Our Next Chapter
Over the past decade, we found ourselves with an increasing number of projects in healthcare technology. Maybe this is due to our location in Boston, a hub for both healthcare and technology. Or perhaps it was inevitable that we’d run into it eventually, given that healthcare is a $7 trillion global industry. Regardless, as technologists, we found a domain that has opportunity, purpose, and plenty of problems to solve.
We love building applications. In healthcare this is no different. However, we found ourselves in a world of extraordinary data inaccessibility and outdated means of data sharing (e.g. SFTP and nightly mailboxes with EDI files are still common). Also, user workflows were locked by the vendors of healthcare systems. So the status-quo was to build yet-another-thing that a doctor or nurse would have to open separately and sign in to. Unpleasant and undesirable to say the least for end users, and uninspiring for us to develop on.
Furthermore, we know patients own their data and can choose to share it as they see fit. We see use cases of sharing data when patients switch doctors, see a specialist, or or sign up for health and wellness applications. However, this data was also locked in the proprietary systems their healthcare providers use. Barriers of technology and lack of market incentives created a wall between patients and their property, their data.
Then a few years ago, something happened. It started with a contemporary take on a data exchange that existed outside healthcare for some time — a new resource-based web API called FHIR.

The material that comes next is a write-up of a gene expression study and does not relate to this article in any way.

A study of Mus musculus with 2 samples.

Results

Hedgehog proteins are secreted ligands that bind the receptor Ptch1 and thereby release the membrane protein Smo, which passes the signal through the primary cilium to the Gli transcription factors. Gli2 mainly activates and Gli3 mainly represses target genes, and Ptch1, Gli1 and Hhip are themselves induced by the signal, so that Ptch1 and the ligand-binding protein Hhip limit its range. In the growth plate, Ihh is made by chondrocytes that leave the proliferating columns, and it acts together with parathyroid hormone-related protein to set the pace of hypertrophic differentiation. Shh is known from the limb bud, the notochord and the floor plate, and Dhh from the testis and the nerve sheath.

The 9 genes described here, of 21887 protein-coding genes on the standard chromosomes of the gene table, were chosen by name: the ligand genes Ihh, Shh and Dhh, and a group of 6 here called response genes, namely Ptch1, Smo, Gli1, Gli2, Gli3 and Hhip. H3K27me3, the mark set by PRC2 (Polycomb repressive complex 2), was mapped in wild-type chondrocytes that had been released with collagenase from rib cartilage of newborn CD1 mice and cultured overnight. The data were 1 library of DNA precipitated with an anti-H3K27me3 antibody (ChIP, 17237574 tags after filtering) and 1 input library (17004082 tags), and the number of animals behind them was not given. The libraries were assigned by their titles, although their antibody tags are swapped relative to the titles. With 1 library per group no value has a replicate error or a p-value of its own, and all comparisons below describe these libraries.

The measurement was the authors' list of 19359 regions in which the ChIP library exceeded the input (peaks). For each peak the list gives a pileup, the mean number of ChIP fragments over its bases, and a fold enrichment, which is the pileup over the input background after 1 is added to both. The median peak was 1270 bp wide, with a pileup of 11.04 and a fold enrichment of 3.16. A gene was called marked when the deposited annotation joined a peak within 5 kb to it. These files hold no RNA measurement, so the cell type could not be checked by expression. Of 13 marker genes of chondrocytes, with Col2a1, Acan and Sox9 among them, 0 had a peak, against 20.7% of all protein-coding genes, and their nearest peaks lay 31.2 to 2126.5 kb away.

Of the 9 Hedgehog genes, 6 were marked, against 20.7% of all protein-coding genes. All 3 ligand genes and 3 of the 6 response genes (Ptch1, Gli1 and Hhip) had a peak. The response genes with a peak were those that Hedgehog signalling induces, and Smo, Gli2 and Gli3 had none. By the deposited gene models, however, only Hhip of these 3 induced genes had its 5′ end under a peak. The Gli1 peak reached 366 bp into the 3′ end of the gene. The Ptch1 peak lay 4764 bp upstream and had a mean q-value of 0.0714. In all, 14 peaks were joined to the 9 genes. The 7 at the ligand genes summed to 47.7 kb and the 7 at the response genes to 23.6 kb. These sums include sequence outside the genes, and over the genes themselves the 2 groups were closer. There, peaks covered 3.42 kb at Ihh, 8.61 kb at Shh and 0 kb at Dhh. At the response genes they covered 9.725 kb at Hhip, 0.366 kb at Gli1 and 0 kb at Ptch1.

FHIR had arrived. An API for human health. A game-changer for the industry spanning technology, standards, and fostering a new inclusive community.
The amount of energy and excitement around FHIR, along with pressures from healthcare organizations and government agencies, all are converging. Now the big health software system vendors, such as EHRs, started to embrace and support FHIR. This led quickly to more seamless workflows via the SMART on FHIR project — which allows single sign-on and context passing using conventions and existing web standards. And these same standards are available to patients, using their patient portals provided by their healthcare provider. This enabling technology also allows us to move from a fee-for-service to a value-based care model, by making it possible to implement clinical decision support at the right time in the doctor’s workflow with the right context.
We are still at the onset of this massive change. We are at a point in time where the canonical transactional record systems that hold patient data are now becoming accessible for third party innovation and application development. Introduction of health application marketplaces are emerging (think Apple App Store or Google Play), promoting development and investment in product ideas for both clinical providers and patients.
As we ride this trend, we find ourselves investing more of our own time and energy into the FHIR ecosystem. We continuously learn, run meetups, and build open source tools. All of this is so we can increase our efficiency to help our clients create their applications.
We want to be sure building healthcare applications is accessible to the widest and most diverse population of developers possible; we believe diverse teams are more creative, more innovative.
To this end, we have embarked on a journey with an organization that includes one of the three people that conceived this human health API. A company that is 100% FHIR, committed to its growth and support for the global community, and driven to make health technology a better place.
We are building with Firely. A company based in Amsterdam, now opening in the US, with us in Boston.